Archive for October, 2017

“I don’t like horror. I just don’t watch that stuff.”

I’ve been told that, or a slight variant of that, more than a few times over the years. Occasionally, they absolutely mean it. Interestingly, more often than not, they don’t realize that what they’re saying isn’t actually true. If you’re wondering how someone can be unaware they like or have been watching horror while saying they don’t like it, you might not realize the levels to which people can in general compartmentalize and separate some things in their own mind. Well, that and how much some people take the “reality” part of reality TV seriously.

The first episode of The Assignment Horror Podcast. On Soundcloud now, soon to be on iTunes. We’re a little rough around the edges on the first one, but we’re still getting our rhythm as a team.



“He’ll grow into the office.”

“There are two Trumps. We’re seeing the primary and election Trump, but when if wins, then we’ll see Presidential Trump. He won’t be at all like this if he wins.”

These and other things were said by people who fall into one of three categories. They were said by the staggeringly ignorant or the wildly self-deceitful. These first two groups having in common an apparent ability to have ignored thirty-five-plus years of Donald Trump’s public words and actions. The third group knew full well who and what Donald Trump was, and the members of this third group were simply the deliberately disingenuous. Because the simple fact is that anyone who paid any attention to Donald Trump over the decades and had any functional brain cells in their head knew exactly how crass and how vulgar Donald Trump would be as President of the United States as well as how low Donald Trump would drag down the honor and dignity of that office.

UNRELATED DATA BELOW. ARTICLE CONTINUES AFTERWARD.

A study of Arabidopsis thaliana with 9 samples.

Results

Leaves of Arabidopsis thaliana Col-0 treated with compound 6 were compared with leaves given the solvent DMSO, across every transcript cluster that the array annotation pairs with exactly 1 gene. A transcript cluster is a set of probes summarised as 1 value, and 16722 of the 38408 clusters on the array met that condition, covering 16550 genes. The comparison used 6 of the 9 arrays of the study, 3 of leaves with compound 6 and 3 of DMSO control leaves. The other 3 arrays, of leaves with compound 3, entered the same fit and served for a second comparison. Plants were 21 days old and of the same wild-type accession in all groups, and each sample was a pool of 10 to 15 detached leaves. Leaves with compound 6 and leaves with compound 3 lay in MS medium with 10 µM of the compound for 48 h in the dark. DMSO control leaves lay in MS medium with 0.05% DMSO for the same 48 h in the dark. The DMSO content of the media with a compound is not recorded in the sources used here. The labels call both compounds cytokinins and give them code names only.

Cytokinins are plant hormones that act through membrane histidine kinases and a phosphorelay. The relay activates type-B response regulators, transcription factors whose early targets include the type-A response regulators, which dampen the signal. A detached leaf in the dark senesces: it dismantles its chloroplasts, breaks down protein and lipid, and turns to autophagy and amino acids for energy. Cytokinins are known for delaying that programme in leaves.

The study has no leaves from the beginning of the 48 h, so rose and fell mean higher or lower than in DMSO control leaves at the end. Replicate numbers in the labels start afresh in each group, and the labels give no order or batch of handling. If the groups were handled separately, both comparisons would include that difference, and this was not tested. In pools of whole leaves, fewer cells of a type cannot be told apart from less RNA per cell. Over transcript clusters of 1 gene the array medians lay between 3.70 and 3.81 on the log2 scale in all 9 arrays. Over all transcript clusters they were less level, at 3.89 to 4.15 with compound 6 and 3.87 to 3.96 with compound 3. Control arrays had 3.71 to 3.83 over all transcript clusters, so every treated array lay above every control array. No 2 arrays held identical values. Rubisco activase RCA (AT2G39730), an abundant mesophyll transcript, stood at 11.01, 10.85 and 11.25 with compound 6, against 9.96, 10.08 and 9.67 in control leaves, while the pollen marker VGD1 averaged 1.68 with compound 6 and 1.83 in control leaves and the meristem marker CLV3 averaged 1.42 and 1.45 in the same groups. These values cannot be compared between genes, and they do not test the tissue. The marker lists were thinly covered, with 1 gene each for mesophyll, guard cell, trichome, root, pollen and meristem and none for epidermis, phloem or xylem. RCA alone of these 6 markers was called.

Well, at least we thought we knew. Somehow, unbelievably, Donald Trump keeps managing to lower the bar beyond what even many of his critics predicted.


That is, of course, the opening to John Carpenter’s The Fog, and the late John Houseman doing one of the best versions of the traditional old man around the campfire telling ghost stories and scaring the spit out of the children type of character. Depending on how old you may be and where you grew up; that scene may have been something you actually grew up with in real life. Stories of the local spirits roaming the material plane just waiting for you to wander unknowingly into their path and become their victim were plentiful for many a generation’s upbringing. They were a part of our childhood, they were something that created the local color of a region, and they were a great deal of fun back in the day.

The local ghost story still exists even as it seems like the interconnectivity of the World Wide Web is making more and more ghost stories and paranormal urban legends less local in nature. However, even the old local stories, as much as I loved them, were originally really not quite as local as they seemed to us back then. As a matter of fact, the truth is that many of them were just variants of stories brought over from the old countries by settlers and immigrants and remade into a local legend. Some would start as stories from back in the home country, but, eventually, they would incorporate local settings and characters into their telling and end up being told by people who swore that they knew the sorry souls involved or knew the now old man or woman who knew those sorry souls way back then or witnessed it with their own eyes in their youth. Then the years of “witnesses” and “documented events” (sometimes complete with names, ranks, and serial numbers) would enter into the tale, and the story would become firmly rooted in the area you lived in.